By Paul Turek, MD, FACSBoard-certified urologistJuly 16, 2019
From the WebMD Archives

As men age, they are more likely to look at travelling as a series of restroom stops. Heading to the grocery store or to a friend’s house for poker may involve strategizing about available restrooms along the way. Although it may be the end of long road trips, it’s not the end of the world. It’s simply a signal that, similar to your eyesight needing help as you age, the prostate needs some attention too.

The prostate is a gland the size of a walnut that sits at the base of the penis. It wraps around the urethra (the urine conducting tube) like a donut. The prostate is essential for male fertility, as it makes a fluid that protects and nourishes sperm. But as men age, there are two problems that can arise. One is benign prostatic hypertrophy (BPH), which is a fancy way of saying that the gland enlarges. For some unknown reason, the prostate continues to grow as a man gets older. This occurs in about half of all men in their sixties. And due to its strategic location around the urethra, it can cause urinary urgency, dribbling, weak stream, and can make men get up at night to urinate.

The other potential problem is prostate cancer. Fortunately, it is far less common than prostate enlargement (one of 9 men will get prostate cancer in their lifetimes) and typically causes no urinary symptoms.

BPH is not preventable, but prostate cancer may be. Following a heart-healthy, low-fat, low carbohydrate diet is key to the prevention strategy, as are exercise, weight management, and stress reduction. Concentrate on eating fruits and vegetables, which are high in antioxidants that protect the cells of your body from becoming cancerous. Soy and green tea may also be prostate-protective. Sugar intake should be limited, as it often ends up stored in your body as fat, and obesity is linked to prostate cancer.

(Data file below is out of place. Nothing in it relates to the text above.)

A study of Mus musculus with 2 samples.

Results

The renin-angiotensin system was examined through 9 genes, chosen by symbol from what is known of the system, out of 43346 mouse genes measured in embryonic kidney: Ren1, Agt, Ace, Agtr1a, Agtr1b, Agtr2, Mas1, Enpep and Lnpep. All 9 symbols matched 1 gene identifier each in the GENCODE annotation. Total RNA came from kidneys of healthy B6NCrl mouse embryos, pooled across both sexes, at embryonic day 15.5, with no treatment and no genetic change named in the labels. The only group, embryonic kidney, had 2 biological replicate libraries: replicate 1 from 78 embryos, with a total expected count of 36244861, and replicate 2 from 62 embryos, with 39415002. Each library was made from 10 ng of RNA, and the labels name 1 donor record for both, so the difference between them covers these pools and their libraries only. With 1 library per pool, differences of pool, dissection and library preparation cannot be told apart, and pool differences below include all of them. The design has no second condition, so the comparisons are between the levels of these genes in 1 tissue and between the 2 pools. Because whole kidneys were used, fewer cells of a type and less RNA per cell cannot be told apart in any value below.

It may surprise you to learn that prostate cancer isn’t always lethal. Cancer is no one’s friend, but prostate cancer is typically not as deadly as lung cancer, colon cancer, or breast cancer. Most men who have prostate cancer do not die of it. It is much more slow-growing than many other cancers, doubling in size every 2-3 years instead of every 4-6 months. Because of this, men are 10 times more likely to die of heart disease than prostate cancer. Even more interesting is that some believe that prostate cancer is really a disease of age in men, as the likelihood of having small amounts of cancer in the prostate increases with age. That means that about 80% of 90-year-old men will have prostate cancer but may never know it. It also means that there are many prostate cancers found in men that are “clinically insignificant,” a rare term in cancer medicine. So, many prostate “cancers” actually don’t act as such. The real challenge is to figure out which are important to treat, and which are not.

Although diseases of the prostate are not usually life-threatening, they can affect your quality of life…and your road trips. Men over 55 should consider having their prostate checked regularly, although most men would rather spend quality time with the dentist’s drill than go in for that exam. Luckily, blood tests for something called PSA can also help detect cancer. The symptoms of prostatic enlargement are treated with pills; if these don’t work, various, safe but indescribable minimally invasive procedures can remove the symptom-causing prostatic tissue. And, some of the FDA-approved pills to treat BPH may also prevent prostate cancer. So, for all kinds of reasons, don’t ignore the prostate. Attend to it before it disrupts the flow in your daily life. 

Paul Turek, MD, FACS

Paul Turek, MD, FACS, is founder of The Turek Clinics, providing state of the art medical treatment to men worldwide. Yale- and Stanford-trained, Dr. Turek has pioneered male fertility techniques including testicular mapping and sperm retrieval and has popularized the no-scalpel vasectomy. To read more from Dr. Turek, visit his award-winning blog.